Tuesday, November 30, 2010

Federalist 51 – Balance of Power

Madison’s general discussion of balance of power as it is addressed in the proposed Constitution reflects his views on securing liberties for individuals and minority segments while limiting the power of government and seeing that it derives its power from the people and is responsive to the collective needs.

He describes the purpose of government as ‘justice.’ And states that, ‘if men were angels, government would be unnecessary.’

It is impressive to see with 20-20 hindsight how well we have been served by the US Constitution, and although it has been amended from time to time, the bulk of the framework remains intact.

Madison begins by asking how power is to be partitioned in the government. He answers, “by so contriving the interior structure of the government as that its several constituent parts may by their mutual relations, be the means of keeping each other in their proper places.”

He goes on to argue that the branches of government should be designed to have a ‘will of their own.’ “…and consequently should be so constituted that the members of each should have as little agency as possible in the appointment of the members of the others.”

He goes on to say that if this principle were rigorously adhered to all appointments would be made by the people. He then goes on to offer a specific example, selection of federal judges, which because of the specialized qualifications required the best mode of choice should be the one that best ‘secures these qualifications.’ Further as the federal bench appointments are appointments for life it will, ‘soon destroy all sense of dependence on the authority conferring them.’ Meaning that the judges will not be beholden to the body that appointed them and that there is less cause for concern that they will behave in a biased manner once appointed.

He specifically states that the separate branches and departments of government should be constituted so that, ‘each department has the necessary constitutional means and personal motives to resist encroachments of the others.’

“Ambition must be made to counterattack ambition.”

“If men were angels, no government would be necessary. If angels were to govern men, neither external nor internal controls on government would be necessary.”

“But what is government itself but the greatest of all reflections on human nature.”

“..you must first enable the government to control the governed; and in the next place oblige it to control itself.”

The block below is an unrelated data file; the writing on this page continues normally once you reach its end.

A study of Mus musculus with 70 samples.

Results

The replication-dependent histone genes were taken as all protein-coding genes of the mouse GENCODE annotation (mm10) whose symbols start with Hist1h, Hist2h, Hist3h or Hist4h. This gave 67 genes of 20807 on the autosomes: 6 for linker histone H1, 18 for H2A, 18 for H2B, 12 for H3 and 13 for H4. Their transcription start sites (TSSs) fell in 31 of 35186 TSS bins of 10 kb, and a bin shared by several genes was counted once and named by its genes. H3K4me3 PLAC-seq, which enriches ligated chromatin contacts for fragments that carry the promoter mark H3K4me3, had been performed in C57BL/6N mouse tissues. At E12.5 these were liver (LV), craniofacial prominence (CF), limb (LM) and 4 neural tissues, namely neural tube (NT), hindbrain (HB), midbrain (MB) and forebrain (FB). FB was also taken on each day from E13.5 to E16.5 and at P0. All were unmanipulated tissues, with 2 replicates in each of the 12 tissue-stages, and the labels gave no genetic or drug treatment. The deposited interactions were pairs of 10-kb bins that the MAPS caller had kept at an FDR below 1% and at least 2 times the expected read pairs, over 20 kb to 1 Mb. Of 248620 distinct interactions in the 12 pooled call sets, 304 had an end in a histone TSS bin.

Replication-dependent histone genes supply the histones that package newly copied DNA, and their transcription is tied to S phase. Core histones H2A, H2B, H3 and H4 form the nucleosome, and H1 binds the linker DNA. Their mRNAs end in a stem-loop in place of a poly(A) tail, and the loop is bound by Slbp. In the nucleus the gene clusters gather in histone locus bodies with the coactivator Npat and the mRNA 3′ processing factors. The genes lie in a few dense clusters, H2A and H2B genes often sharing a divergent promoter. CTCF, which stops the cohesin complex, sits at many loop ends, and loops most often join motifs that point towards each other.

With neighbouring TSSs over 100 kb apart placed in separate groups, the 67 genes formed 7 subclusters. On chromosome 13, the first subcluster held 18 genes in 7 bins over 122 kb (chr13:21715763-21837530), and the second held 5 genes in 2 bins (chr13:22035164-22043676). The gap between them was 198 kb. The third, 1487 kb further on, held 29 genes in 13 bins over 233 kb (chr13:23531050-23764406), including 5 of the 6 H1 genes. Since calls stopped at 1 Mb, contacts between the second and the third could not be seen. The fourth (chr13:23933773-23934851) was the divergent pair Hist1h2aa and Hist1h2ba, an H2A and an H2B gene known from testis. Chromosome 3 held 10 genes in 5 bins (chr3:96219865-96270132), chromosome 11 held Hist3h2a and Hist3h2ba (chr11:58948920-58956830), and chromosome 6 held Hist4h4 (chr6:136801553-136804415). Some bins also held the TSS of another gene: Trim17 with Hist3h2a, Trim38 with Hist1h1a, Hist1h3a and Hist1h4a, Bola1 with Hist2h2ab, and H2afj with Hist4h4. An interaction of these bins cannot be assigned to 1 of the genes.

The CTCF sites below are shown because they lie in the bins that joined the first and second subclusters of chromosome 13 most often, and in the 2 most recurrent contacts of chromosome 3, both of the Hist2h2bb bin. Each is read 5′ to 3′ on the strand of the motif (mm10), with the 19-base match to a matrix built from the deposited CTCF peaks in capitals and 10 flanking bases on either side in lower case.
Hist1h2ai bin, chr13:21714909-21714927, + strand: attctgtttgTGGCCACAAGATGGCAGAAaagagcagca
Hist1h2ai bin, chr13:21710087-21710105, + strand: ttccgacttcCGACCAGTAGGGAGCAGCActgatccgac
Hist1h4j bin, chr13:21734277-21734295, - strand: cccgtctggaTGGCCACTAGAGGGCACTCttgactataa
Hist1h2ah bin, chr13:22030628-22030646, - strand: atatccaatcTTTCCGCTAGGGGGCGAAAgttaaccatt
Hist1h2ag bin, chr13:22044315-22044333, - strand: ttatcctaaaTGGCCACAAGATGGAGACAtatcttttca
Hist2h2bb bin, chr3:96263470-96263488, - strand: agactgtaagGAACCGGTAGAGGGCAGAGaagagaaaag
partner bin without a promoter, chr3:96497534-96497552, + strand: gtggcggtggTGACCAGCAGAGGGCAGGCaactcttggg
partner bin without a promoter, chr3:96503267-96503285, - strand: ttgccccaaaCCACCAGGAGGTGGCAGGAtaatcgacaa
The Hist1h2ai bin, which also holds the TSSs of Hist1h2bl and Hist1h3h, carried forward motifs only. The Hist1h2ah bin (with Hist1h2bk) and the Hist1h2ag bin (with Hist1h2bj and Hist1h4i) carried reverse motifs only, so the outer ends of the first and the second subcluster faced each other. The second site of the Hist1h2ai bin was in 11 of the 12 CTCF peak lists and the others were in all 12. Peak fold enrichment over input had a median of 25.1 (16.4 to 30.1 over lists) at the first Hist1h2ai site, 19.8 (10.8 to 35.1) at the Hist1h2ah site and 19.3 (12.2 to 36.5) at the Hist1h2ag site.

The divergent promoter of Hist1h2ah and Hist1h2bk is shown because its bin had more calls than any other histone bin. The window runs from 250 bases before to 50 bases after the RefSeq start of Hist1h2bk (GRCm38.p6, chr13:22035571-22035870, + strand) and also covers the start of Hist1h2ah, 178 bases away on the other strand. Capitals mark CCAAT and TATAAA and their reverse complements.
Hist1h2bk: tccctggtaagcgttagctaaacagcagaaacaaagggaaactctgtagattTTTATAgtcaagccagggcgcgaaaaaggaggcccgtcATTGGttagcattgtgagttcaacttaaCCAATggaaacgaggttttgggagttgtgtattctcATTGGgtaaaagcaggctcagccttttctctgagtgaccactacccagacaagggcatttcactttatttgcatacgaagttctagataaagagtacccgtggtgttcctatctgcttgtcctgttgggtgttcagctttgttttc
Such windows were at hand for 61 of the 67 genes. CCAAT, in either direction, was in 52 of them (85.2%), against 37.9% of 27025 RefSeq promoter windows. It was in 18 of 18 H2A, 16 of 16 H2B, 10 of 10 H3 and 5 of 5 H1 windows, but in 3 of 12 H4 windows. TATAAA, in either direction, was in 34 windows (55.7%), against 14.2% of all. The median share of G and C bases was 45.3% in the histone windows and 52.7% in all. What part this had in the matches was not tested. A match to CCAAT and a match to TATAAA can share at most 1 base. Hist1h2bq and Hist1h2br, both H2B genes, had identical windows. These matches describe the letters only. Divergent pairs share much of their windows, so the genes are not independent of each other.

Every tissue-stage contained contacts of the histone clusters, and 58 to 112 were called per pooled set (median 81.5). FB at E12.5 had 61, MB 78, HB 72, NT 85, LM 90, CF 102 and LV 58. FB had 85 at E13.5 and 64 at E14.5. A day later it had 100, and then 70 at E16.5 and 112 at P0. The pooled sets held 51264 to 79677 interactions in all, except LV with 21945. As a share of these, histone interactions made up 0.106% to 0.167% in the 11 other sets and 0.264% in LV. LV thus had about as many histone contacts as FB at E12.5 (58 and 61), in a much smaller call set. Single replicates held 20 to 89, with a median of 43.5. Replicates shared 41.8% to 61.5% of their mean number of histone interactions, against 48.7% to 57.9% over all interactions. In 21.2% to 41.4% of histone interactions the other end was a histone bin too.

Always concerned about a tyranny of the majority, he writes, “A dependence on the people is, no doubt, the primary control on the government; but experience has taught mankind the necessity of auxiliary precautions.”

Regarding the apparent dominant role of the legislative branch, he writes, “The remedy for inconveniency is to dived the legislature into different branches; and to render them, by different modes of election and different principles of action, as little connected with each other as the nature of their common functions and their common dependence on the society will admit.”

Specifically in defense of the proposed American constitution, he argues, “ In the compound republic of America, the power surrendered by the people is first divided between two distinct governments, and then the portion allotted to each subdivided among distinct and separate departments. Hence a double security arises to the rights of the people. The different governments will control each other; at the same time that each will be controlled by itself.”

On protecting the rights of a minority interest, “…the society itself will be broken into so many parts, interests, and classes of citizens, that the rights of individuals, or of the minority, will be in little danger from interested combinations of the majority. In a free government the security for civil rights must be the same as that for religious rights.”

So Madison reaffirms his long standing belief that religious freedom is an essential ingredient in the American model. He is essentially arguing in favor a diverse pluralistic society. He might well have been pleased to see how diverse the United States has become two hundred years later.

He sums up in a philosophic tone, “Justice is the end of government. It is the end of civil society. It ever had been and ever will be pursued until it be obtained, or until liberty be lost in the pursuit.”

He goes on to argue that it individual states were broken off from the Confederation that they would suffer internal factions that the people would soon call for some third power to intercede on their behalf.

Madison believed that the larger the society the more capable it would be of self-governing, and that the proposed constitution offered a “judicious modification and mixture of the federal principle.”